Children play under a mural of St Bakhita, Darfur’s first and only saint, at St Bakhita parish church in Jeberona camp for displaced people outside Khartoum, Sudan
This article is the second in a series on Sudan. Read the first here.
Symbolism in art is often quite powerful; symbolism in political art has to be. People all around the world know this very well, from the street artist in Berlin who painted a mural on the Wall isolating her city from the outside world, to the photographer who captured the image of Pope Francis saying mass in Havana’s Revolution Square, which happens to be guarded by the visage of a 40-foot-tall Che Guevara sculpture. That power comes from the images and associations people make in their minds about what that particular piece of art says, both to themselves and to the wider world.
Recently, here in Ithaca, a place where students and community members are quite familiar with the art of politics and protest, a group of students provided a glimpse into a world so foreign to many in the form of a play — a world that was not supposed to exist anymore. But in The Darfur Compromised, that world is not only alive and kicking, but looking directly at you. This play, written and directed by Cornellians Trevor Stankiewicz ’15 and Rudy Gerson ’15, speaks directly to the audience about how not only the Sudanese Genocide is still occurring, but how it has expanded from the Darfur region to the South Kordofan region too, and how the government of Omar al-Bashir continues to flout international censure for its crimes against humanity.
Produced by Carsonic Productions (and Civic Ensemble and Photosynthesis Productions), the play was made in cooperation with the Caceres-Neuffer Genocide Action Group, which is named after two individuals who dedicated, and ultimately gave, their lives to the work of humanitarian relief.
As more and more images of refugees washed up dead on the shores of Europe appear on television and on social media, perhaps the world has become more aware of the nature of violence: it doesn’t respect borders, it feels no remorse for the deaths of innocents, and it will continue in a self-replicating cycle until some force stops it. Of course, the victims of global violence are well aware of its consequences, but they need others to be aware as well. Burmese Rohingya, Colombian farmers who don’t side with the FARC, Kashmiris, even Palestinians in recent years — these are the images that the world needs to see. They are examples of art defined by politics as much as protest.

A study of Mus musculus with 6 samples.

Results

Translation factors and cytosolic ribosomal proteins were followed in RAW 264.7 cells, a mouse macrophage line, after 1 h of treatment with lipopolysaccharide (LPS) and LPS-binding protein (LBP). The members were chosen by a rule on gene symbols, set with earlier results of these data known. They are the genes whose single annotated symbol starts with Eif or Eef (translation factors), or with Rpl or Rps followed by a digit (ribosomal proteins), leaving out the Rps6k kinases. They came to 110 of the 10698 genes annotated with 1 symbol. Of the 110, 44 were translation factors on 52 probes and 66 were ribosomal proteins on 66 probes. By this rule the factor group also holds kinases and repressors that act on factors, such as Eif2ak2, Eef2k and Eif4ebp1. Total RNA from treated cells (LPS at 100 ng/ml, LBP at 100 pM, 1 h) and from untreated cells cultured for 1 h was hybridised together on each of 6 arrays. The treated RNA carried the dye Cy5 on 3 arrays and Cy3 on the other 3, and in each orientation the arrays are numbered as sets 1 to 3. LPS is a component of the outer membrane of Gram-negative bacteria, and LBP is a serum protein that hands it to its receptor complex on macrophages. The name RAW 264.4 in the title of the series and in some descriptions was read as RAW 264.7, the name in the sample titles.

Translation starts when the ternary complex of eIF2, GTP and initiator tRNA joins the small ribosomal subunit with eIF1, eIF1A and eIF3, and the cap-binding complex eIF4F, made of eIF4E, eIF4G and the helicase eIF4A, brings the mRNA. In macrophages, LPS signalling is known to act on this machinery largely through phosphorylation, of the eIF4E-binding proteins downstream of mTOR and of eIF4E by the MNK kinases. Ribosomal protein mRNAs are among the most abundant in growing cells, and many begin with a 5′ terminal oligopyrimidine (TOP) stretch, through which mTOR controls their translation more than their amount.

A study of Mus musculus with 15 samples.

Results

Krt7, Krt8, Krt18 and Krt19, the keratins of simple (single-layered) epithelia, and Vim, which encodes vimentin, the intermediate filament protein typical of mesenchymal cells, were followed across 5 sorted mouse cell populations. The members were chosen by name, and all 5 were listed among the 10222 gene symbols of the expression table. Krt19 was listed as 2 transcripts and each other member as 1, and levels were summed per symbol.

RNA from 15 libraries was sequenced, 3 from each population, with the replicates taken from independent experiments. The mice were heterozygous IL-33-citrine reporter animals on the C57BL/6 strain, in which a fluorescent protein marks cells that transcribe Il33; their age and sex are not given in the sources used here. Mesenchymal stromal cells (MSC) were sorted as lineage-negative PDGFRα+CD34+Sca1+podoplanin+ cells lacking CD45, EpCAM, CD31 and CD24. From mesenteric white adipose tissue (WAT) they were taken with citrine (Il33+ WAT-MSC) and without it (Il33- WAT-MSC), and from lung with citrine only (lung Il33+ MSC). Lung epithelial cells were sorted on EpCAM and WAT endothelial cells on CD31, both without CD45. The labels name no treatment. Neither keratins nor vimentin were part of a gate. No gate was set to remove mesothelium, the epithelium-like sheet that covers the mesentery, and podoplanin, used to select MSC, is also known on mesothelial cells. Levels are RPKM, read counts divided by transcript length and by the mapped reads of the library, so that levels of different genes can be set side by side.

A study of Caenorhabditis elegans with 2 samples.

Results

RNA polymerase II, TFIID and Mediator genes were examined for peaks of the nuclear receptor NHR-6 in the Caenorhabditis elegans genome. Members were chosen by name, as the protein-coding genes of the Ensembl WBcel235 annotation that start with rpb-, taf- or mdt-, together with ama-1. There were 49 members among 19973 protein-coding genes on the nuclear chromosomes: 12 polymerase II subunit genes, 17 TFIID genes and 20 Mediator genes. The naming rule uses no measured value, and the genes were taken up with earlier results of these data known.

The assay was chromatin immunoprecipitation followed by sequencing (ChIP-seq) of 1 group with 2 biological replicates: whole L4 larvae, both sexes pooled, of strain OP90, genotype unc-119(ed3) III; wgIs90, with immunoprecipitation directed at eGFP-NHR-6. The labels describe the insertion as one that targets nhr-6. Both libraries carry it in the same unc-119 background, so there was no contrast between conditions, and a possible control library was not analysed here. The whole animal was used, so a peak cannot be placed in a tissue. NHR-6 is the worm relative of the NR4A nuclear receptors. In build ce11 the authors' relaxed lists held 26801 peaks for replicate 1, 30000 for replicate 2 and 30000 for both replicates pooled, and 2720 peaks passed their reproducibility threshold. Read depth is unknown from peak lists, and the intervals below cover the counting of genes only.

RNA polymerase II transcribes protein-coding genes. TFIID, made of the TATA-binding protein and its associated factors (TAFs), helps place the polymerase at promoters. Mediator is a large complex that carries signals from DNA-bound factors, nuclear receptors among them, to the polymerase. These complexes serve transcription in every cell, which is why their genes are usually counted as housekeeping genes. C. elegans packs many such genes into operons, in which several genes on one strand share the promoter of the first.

Why use theatre to raise awareness of the suffering of the Nuba and Darfuri peoples? In the words of Gerson:
“Theater allows for contradictions to coexist. There’s no presumption in a play that you’re going to walk away with the problem solved. There is no one right answer, no one truth. More traditional forms of protest have the answer and are asking people to join a specific movement. A play, and especially this one, can rally people like that but also can give audience members more to think about and to reflect on.”
Art may be a form of interaction, but rarely does it talk back.
In the realm of political imagery, time and depth matter. In 1979, for example, the Conservative party’s campaign poster “Labour Isn’t Working” was so effective in the UK because it was timed to coincide with a depressed economy, and its simple photo of an unemployment line didn’t need explaining — it succinctly cut to the heart of Labour’s problems. The Darfur Compromised attempts a similar fusion of time and depth; Bashir’s government just announced a two-month ceasefire, while the world remains captivated by the plight of refugees.
When asked if the play was coming at the right time amid a second Sudanese crisis, Stankiewicz responded:
“It probably isn’t the right time. I wish we had done this 10 years ago, or 5 years ago, or last year. But right now seems to be the second best time. People continue to be killed by their government, they continue to be moved from their homes, and they continue to suffer. As long as those are true, something needs to be done.”
After premiering in Ithaca, the play will appear in off-Broadway theaters in New York City. The producers are hoping that it will generate considerable interest, so that when they eventually take the production overseas to be performed in Addis Ababa, Ethiopia, it will be traveling with weight behind it. That, as viewers can attest, won’t be difficult. The play imparts a knowledge that is at once enlightening and perturbing. It discomforts you in the right way. And for political art, that’s the whole point.
Michael Alter is a senior in the College of Arts & Sciences at Cornell University, majoring in Government and Economics with a minor in History.